Before you take your emotions too seriously, consider this …
“Prisoners lucky enough to face the parole board when its members were well fed and rested had a roughly 65 percent chance of gaining parole,” Alex Mayyasi at Priceonomics explains. “Yet over time, the odds of a favorable decision deteriorated until the last prisoner before a break had almost no chance of getting parole.”
I don’t doubt that the judges are honorable people working an especially hard job, and the study has its limitations, as all studies do. But I found it pretty relevant to my own life. I’m more of a disciplinarian right before supper, and gentler right after. As consistent as I try to be, there’s no question my blood sugar is steering my choices some of the time.
For everyone’s sake, including my own, I’m trying to keep in mind what outside factors might be skewing my judgment a bit. Next time I’m tempted to think that I’m furious or despairing or impatient because my life is so hard, or because of that comment my husband might have made, or because of how downright impossible my son is, I’m going to check if it’s not one of these common culprits instead …
This one is obvious enough that we have a word for your hunger-induced bad mood — “hangry.” Nobody’s immune. The brain needs sugar to function well, and when your body’s used up its supply, either because it had to process too much sugar too quickly or because you just haven’t had anything to eat in a while, you can probably blame your bad mood on your stomach.
My grandmother used to tell us, “Never trust any emotion you have when you’re tired.” Best advice I ever got. If you still feel as miserable in the morning when you’re rested, then address the problem, sure. But being tired has a way of magnifying every unpleasant emotion. Sleep deprivation not only makes us think less clearly, it also hurts our powers of self-evaluation. We’re more likely to think our assumptions and conclusions are reasonable, when everyone else can see that they aren’t.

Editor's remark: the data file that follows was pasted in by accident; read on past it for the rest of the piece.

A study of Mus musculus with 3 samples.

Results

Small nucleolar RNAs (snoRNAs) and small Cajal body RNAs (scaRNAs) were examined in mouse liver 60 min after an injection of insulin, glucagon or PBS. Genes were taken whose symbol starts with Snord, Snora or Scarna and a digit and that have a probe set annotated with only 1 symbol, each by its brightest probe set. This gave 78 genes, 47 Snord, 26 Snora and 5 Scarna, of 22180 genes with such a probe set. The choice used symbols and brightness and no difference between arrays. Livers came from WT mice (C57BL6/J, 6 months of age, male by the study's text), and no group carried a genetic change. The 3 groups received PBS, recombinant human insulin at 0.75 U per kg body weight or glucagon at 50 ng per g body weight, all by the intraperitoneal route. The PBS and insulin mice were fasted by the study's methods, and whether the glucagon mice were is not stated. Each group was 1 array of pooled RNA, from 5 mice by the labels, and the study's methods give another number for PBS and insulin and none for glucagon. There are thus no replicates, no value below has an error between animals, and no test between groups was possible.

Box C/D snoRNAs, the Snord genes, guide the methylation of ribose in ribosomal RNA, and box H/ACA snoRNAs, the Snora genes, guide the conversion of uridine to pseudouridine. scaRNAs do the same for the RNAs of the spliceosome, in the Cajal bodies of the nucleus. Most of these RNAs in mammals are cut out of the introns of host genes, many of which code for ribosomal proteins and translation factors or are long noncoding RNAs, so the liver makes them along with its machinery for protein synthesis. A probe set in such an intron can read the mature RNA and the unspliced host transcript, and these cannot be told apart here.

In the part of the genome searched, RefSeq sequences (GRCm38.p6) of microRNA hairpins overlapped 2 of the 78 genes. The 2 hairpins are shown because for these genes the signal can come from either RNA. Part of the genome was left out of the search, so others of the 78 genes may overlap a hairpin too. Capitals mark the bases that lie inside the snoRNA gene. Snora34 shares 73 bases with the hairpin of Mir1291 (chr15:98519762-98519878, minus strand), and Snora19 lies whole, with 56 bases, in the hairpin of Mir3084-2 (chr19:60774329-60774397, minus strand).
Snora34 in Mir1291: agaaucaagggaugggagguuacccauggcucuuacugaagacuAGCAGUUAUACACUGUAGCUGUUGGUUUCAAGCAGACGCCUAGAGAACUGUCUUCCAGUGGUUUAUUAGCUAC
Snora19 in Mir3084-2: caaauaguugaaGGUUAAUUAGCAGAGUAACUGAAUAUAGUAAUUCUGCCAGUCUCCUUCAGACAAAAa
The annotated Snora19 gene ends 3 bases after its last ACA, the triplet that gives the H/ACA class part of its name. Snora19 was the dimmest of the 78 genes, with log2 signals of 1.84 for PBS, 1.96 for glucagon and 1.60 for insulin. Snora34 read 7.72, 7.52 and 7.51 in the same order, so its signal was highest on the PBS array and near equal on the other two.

Although men have hormonal changes too, theirs are usually more gradual, so this one’s mostly for the women. Are you pregnant, postpartum, or premenstrual? I know, I know, we women have been dealing with hormonal mood shifts since we were teens, but it’s not uncommon to only really notice it after the fact. “Oh, no wonder I’ve been so crabby! I didn’t realize my period was due!” It’s all the more reason to track your cycles, whether or not you’re sexually active. It’s nice to be able to know that the next few days might be rough, but you’ll get through them.
Has anything shaken you out of your routine recently? It doesn’t have to be as big as a move or a new baby, and it’s not just the bad changes that can throw us off. Maybe you’ve just started taking a night class, changed your hours at work, gotten busier, started or stopped dating, started a new diet, stopped exercising, anything. It could be daylight savings time, or the change in seasons. We are creatures of habit, and we underestimate how much those habits mean to us. When changes cause severe anxiety or depression, it’s called adjustment disorder, but even when it’s not a full-blown disorder, changes can throw us off our game, big time. Sometimes it’s worth waiting for life to feel normal again before we panic and try to make any more big changes to solve the problem.
You’ll never hear me advocating for people to just ignore their emotions. Emotions are a legitimate reaction to the world, and they give us important information about what’s good and not so good about our lives. But they’re subject to all kinds of influences, and it’s worth stopping and making sure they’re proportionate reactions, before you take them too seriously.